KLM pays off last Covid-support loan, thanks Dutch State for aid
KLM officially closed the direct loan and credit facility guaranteed by the Dutch government on Monday, the Dutch airline announced. That was the last bit of Covid-19 support the airline had kept open. “We are grateful to the Dutch government for its support during the coronavirus crisis,” KLM CEO Marjan Rintel said.
During the pandemic, which brought large parts of air travel to a complete standstill during the first year and severely restricted it in the second year, the Dutch government provided State Aid to the Dutch airline. That took the form of a direct loan of 1 billion euros and a 90 percent guarantee on a 2.4 billion euro bank credit facility.
KLM ended up using 942 million euros of the available 3.4 billion euros. It repaid that amount in full in June 2022 but kept the credit facility open in case it needed it.
“It’s encouraging that we can stand on our own feet again after such a difficult period,” Rintel said about closing the government-backed credit facility. “Our focus remains on meeting our sustainability targets and staying financially healthy through achieving structural cost savings. This will not change, and it is the only way for us to continue connecting our customers who want to travel the world.”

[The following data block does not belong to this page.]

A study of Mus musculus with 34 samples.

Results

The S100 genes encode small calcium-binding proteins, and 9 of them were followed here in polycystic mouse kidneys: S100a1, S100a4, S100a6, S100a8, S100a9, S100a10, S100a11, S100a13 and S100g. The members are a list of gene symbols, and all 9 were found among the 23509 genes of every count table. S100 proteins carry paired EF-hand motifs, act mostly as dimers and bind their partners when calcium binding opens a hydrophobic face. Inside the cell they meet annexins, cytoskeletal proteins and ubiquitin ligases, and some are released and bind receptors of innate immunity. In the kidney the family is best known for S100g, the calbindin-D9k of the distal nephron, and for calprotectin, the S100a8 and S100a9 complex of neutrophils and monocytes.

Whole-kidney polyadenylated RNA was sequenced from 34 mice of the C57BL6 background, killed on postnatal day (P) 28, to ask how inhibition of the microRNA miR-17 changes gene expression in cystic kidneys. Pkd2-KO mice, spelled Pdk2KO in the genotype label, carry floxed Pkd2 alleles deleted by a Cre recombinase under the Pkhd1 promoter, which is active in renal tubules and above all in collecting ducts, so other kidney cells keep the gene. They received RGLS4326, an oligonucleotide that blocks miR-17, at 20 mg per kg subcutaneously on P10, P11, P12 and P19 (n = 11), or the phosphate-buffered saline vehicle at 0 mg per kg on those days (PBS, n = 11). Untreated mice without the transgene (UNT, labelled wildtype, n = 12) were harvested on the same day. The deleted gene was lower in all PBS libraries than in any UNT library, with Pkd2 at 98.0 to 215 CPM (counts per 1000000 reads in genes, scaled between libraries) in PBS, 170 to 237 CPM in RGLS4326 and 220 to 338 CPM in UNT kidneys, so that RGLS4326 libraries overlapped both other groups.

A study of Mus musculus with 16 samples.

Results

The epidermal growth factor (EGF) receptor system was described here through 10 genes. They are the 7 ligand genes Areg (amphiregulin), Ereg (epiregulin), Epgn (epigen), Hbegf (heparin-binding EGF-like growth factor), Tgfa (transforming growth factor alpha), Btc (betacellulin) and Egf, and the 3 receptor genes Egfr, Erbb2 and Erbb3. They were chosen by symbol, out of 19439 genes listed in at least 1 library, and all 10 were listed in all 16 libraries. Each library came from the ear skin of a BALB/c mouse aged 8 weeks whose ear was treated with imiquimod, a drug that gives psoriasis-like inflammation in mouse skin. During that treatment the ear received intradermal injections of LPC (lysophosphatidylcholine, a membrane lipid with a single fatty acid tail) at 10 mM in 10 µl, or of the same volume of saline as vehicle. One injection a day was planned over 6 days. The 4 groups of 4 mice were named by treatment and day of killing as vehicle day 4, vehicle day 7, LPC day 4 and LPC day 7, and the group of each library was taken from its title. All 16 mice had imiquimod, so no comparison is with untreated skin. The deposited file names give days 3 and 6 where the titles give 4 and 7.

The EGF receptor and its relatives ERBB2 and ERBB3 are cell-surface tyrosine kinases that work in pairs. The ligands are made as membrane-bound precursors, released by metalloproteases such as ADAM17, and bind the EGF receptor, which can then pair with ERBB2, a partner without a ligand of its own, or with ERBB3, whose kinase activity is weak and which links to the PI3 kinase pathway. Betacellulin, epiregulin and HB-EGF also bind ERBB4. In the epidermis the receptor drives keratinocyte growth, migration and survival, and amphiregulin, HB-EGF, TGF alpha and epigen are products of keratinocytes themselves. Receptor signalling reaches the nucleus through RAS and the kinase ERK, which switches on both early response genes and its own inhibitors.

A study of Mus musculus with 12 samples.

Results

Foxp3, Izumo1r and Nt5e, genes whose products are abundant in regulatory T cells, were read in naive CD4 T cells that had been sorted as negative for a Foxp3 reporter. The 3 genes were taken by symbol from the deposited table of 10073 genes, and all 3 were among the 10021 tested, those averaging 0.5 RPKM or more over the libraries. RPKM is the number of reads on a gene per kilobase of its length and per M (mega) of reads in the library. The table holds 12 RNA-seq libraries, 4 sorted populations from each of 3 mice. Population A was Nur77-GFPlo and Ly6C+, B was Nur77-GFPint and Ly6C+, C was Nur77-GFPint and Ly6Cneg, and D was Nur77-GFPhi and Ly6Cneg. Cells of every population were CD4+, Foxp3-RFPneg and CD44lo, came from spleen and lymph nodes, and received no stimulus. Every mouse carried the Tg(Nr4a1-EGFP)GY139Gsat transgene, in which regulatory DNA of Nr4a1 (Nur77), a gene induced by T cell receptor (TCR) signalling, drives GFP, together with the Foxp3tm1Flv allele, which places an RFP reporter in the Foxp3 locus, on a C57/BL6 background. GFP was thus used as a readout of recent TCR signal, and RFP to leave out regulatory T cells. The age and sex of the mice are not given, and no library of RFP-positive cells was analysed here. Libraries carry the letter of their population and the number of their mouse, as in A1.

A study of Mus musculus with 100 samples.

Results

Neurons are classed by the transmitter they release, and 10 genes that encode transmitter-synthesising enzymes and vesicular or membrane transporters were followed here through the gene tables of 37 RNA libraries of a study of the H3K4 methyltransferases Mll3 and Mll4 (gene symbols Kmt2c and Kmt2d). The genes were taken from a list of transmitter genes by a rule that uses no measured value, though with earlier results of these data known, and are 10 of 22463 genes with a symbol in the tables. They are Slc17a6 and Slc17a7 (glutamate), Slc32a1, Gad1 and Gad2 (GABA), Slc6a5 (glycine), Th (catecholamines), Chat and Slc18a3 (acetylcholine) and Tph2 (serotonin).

While KLM is grateful to the Cabinet for its support during the coronavirus pandemic, the Dutch airline is also in a legal battle with that same government. The Cabinet wants to reduce the number of air traffic movements at Schiphol Airport from 500,000 to 460,000 in the upcoming season. KLM, and other airlines, want to stop that. The first court ruled in the airlines’ favor, but Minister Mark Harbers of Infrastructure appealed against the ruling.